Humber students screen films for their best friends

Published On April 18, 2019 | By Alisha Mughal | Arts

The graduating class of the Humber Film and Television Production’s advanced diploma program screened their thesis films at the Hot Docs Cinema in Toronto on April 18. (Alisha Mughal)

Alisha Mughal

Humber’s Film and Television Production students showcased their short films and public service announcements to a theatre full of their best friends and family on April 18.

It was all a part of the 2019 Graduate Film Showcase hosted at the Ted Rogers Hot Docs Cinema on Bloor St. in Toronto, where the thesis projects of the Film and Television Production program’s graduating class were screened. 

“One of our main goals was to learn how to put together a film by ourselves,” said Dylan Liedtke, a graduating student. And in doing so, they “gained an appreciation for all of the different departments.

“And we’ve grown as friends and colleagues,” Liedtke said. “We’re all really, really tight right now.”

Liedtke looked forward to seeing his friends’ films in the context of knowing how hard they worked on them, and knowing how much collaboration took place among them, he said.

“It takes a lot to make a film,” Liedtke said.

It was standing room only as the audience watched the diverse films, which included dramatic shorts, short documentaries, comedies, and public service announcements.

People filtered into the Hot Docs Cinema throughout the evening, hoping to catch the students’ films. Some, who couldn’t find a seat, stood at the gallery to watch. (Alisha Mughal)

Jannah Horrocks was the producer of Where Monsters Live, a short dramatic film about a little boy with an abusive father. The boy finds a monster under his bed who brings him courage.

“I’m happy I’m graduating but it’s kind of bittersweet because I’m really going to miss this program,” Horrocks said.

“I’m going to miss everyone, the teachers and all the hard work we all did,” she said. 

Horrocks hopes to be working in pre-production after graduation. She came into the program right out of high school.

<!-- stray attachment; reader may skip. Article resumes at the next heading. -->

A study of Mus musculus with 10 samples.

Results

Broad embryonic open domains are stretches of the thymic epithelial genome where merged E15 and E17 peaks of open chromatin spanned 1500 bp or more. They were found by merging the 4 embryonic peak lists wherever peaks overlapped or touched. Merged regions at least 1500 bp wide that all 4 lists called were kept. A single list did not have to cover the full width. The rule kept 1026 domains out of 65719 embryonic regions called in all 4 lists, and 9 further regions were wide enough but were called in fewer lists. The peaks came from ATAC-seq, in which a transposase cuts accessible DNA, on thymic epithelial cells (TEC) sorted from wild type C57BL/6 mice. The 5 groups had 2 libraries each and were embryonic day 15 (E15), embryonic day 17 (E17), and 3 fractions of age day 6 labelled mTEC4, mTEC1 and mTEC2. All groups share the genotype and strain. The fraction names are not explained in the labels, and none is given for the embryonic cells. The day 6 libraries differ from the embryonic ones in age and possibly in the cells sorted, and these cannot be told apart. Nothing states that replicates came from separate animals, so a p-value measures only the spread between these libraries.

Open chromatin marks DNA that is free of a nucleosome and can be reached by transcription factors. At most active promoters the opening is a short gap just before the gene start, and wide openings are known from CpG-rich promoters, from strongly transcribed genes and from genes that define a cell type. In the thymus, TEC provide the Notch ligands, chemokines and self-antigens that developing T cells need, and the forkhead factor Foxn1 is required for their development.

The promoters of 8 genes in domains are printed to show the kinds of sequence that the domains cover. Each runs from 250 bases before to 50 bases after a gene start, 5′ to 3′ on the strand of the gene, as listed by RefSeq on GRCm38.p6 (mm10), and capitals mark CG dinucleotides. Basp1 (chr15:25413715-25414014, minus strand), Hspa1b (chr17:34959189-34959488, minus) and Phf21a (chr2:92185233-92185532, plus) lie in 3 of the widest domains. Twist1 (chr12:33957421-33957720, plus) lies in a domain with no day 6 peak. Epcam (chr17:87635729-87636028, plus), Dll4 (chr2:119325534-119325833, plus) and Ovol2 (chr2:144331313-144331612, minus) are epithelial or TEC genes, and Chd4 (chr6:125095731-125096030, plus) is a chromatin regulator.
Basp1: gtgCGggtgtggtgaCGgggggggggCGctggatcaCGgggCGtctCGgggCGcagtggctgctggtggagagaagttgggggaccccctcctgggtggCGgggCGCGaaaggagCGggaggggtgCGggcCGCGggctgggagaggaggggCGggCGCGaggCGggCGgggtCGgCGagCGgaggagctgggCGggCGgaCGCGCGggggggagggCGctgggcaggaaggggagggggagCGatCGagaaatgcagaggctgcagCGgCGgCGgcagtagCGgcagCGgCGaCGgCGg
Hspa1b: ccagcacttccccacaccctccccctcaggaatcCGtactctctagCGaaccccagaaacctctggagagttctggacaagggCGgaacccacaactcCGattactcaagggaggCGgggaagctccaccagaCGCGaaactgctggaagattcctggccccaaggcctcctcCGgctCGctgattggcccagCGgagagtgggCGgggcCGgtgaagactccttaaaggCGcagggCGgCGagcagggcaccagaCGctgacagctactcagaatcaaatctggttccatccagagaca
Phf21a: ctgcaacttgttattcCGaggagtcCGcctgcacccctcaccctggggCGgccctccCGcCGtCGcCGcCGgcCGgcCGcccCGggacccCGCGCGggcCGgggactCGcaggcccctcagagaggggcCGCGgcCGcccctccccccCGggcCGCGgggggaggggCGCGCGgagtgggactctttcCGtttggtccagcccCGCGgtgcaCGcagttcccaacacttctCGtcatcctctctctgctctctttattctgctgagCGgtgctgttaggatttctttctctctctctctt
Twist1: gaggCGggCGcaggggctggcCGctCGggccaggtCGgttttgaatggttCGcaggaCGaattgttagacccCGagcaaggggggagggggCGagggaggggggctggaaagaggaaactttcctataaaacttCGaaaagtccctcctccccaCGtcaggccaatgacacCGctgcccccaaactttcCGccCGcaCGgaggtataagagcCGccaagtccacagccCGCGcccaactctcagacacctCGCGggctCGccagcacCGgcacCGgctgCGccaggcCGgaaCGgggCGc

“It’s very unusual for that to happen,” she said.

“It was really fun to prove myself to my older peers,” Horrocks said. She also enjoyed learning about the film industry, meeting new people and making connections.

“We got to actually go to Cinespace because of the strike that happened last year,” Horrocks said, referring to the Etobicoke film studios. 

“The Handmaid’s Tale was filming at the same time we were there, the Titan Games, Umbrella Academy — they were all filming when we were there at the studio,” she said. “So just being there among professionals, [with] them coming in to see our set and tell us it looked awesome, was just an experience. It was great.

“You learn everything,” Horrocks said.

She said she’s now more than ready for the “real world” because there is nothing that will match the amount of stress put on her in the program.

At the showcase, Horrocks looked forward to seeing Demon On Hold, a campy horror film directed by Lara Cordiano.

Cordiano is interested in social justice issues.

Demon On Hold is about a woman looking out for her best friend. Cordiano played with the tropes of horror in a comedic way, she said.

Cordiano also emceed during the event.

“I’m very nervous,” she said, both about emceeing and her future.

Cordiano said she is looking for positions as a literary assistant, but she is also working on a lot of documentary projects.

“Just trying to pursue directing on my own time, as much as I can,” she said. 

“Right now, I’m working on a documentary about a female film festival called Female Eye Film Festival,” Cordiano said. The Female Eye Film Festival Toronto runs between June 25 to June 30.

“I did that as part of my internship, so I’m finishing that up. I also have a documentary in post-production about the 2017 college strike. And then I have another one in the works about solitary confinement,” she said. 

Cordiano is concerned with diversity in film, but after the night’s screenings, she is optimistic.

“There’s a lot of female directors tonight,” she said.

Diversity couldn’t be missed in the films and public service announcements that screened. 

The bittersweet night ended with students, faculty and audience members alike gathered outside of the cinema on Bloor Street West. (Alisha Mughal)

Ivana Bittnerova directed a public service announcement called Know Your Lemons, which aimed to raise awareness for breast cancer screenings.

The announcement used lemons to describe the 12 signs of breast cancer, Bittnerova said.

In the public service announcement, the puckered skin of the rind of the lemon, its blossom end, along with the stem end where the pedicel attaches, closely resembled various types of breasts.

“It’s an easier way to talk about the topic,” Bittnerova said.

She hopes to continue directing after graduating.

Bittnerova is optimistic students will continue to support each other after graduation, she said.

“Sincerely, these are some of the best people I’ve ever met in my life, and I have never felt so at home as I do with them,” Cordiano added.